The media and investors are often enthralled when a company decides to engage in a stock buyback program. Quite often the financial strength of the company is overstated and the only people who benefit from the buyback plan are a few top executives.
By looking at the free cash flow of a company before and after a stock buyback program has been completed, we should be able to determine the true financial strength of that company. In fact the Center for Financial Research and Analysis and the Corporate Library have completed a joint study to determine just that. They used the S&P 500 and examined which companies had negative free cash flow before and after.
Companies that hand out stock options or offer some other stock based bonus often use buyback programs to mask the dilution of the outstanding stock. This can certainly add value for shareholders. But, may times buyback programs can hide a slowdown in the companies business and create a boost to their earnings (EPS) growth.
A decrease in the growth of a companies revenue can actually grow the free cash flow if less capital is put to work trying to increase business growth. With this lower revenue growth the sleight of hand of a stock repurchase will show a boost to earnings (EPS) growth rate without any fundamental change to the health and strength of the company.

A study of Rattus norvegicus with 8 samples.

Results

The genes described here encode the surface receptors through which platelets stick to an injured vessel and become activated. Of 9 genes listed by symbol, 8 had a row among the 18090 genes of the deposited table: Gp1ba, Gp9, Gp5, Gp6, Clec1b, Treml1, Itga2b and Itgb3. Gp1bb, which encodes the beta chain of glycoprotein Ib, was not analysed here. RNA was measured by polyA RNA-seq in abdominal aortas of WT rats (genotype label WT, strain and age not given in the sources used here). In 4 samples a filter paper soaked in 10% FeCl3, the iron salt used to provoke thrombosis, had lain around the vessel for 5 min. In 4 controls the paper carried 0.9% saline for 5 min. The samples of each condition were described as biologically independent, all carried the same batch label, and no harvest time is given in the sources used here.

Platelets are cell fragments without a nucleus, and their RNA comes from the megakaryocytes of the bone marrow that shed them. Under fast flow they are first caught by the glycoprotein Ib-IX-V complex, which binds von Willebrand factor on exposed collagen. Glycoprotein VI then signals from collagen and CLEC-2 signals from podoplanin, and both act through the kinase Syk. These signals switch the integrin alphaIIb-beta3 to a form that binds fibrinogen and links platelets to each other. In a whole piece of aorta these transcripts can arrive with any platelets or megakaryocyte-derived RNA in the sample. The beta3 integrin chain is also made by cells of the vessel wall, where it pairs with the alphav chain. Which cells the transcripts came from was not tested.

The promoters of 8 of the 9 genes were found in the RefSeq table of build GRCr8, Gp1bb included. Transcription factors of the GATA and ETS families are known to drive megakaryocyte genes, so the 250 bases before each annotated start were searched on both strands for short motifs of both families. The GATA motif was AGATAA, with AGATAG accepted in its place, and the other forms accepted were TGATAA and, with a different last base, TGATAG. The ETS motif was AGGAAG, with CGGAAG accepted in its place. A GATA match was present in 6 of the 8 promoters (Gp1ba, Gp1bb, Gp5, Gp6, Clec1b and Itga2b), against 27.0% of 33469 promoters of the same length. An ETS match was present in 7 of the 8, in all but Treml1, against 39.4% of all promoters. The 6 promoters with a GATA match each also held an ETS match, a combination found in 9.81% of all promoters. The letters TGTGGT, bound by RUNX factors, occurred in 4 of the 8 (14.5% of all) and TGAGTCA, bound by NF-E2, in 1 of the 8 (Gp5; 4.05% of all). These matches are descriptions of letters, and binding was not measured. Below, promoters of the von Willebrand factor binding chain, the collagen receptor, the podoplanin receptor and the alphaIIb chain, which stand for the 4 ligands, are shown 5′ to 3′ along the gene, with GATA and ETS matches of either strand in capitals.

It turns out negative free cash flow were reported by 58 companies after a buyback program. Additionally, some businesses had negative cash flow after dividends but before they repurchased stock—a move that raised eyebrows about whether those repurchase plans are sustainable, the report noted. Beware of companies that issue new debt to finance share repurchases and use “per share” metrics to calculate executive compensation, warned Jonathan Graham, senior research associate at the Corporate Library, in a statement.
The study looked for firms that used debt to finance a repurchase and also compensated executives based partly on an EPS metrics. A total of 37 companies used the metric for at least one incentive compensation plan that was likely to be positively affected by a buyback plan. “We found that while the majority of share repurchase programs are on the up-and-up, some clearly raise questions as to who is benefiting and at whose expense,” noted Jill Lohman, managing director at CFRA in the report.
One revelation was that companies with buyback plans were more likely to pay bonuses—and at higher levels—to their chief executive officers. Over 88 percent of CEOs at such firms received an annual bonus, compared to 78 percent of their peers in the S&P 500. “At a minimum, governance is lacking,” stated Graham.
* free cash flow is the cash left over after a company pays for its operating expenses and capital expenditures.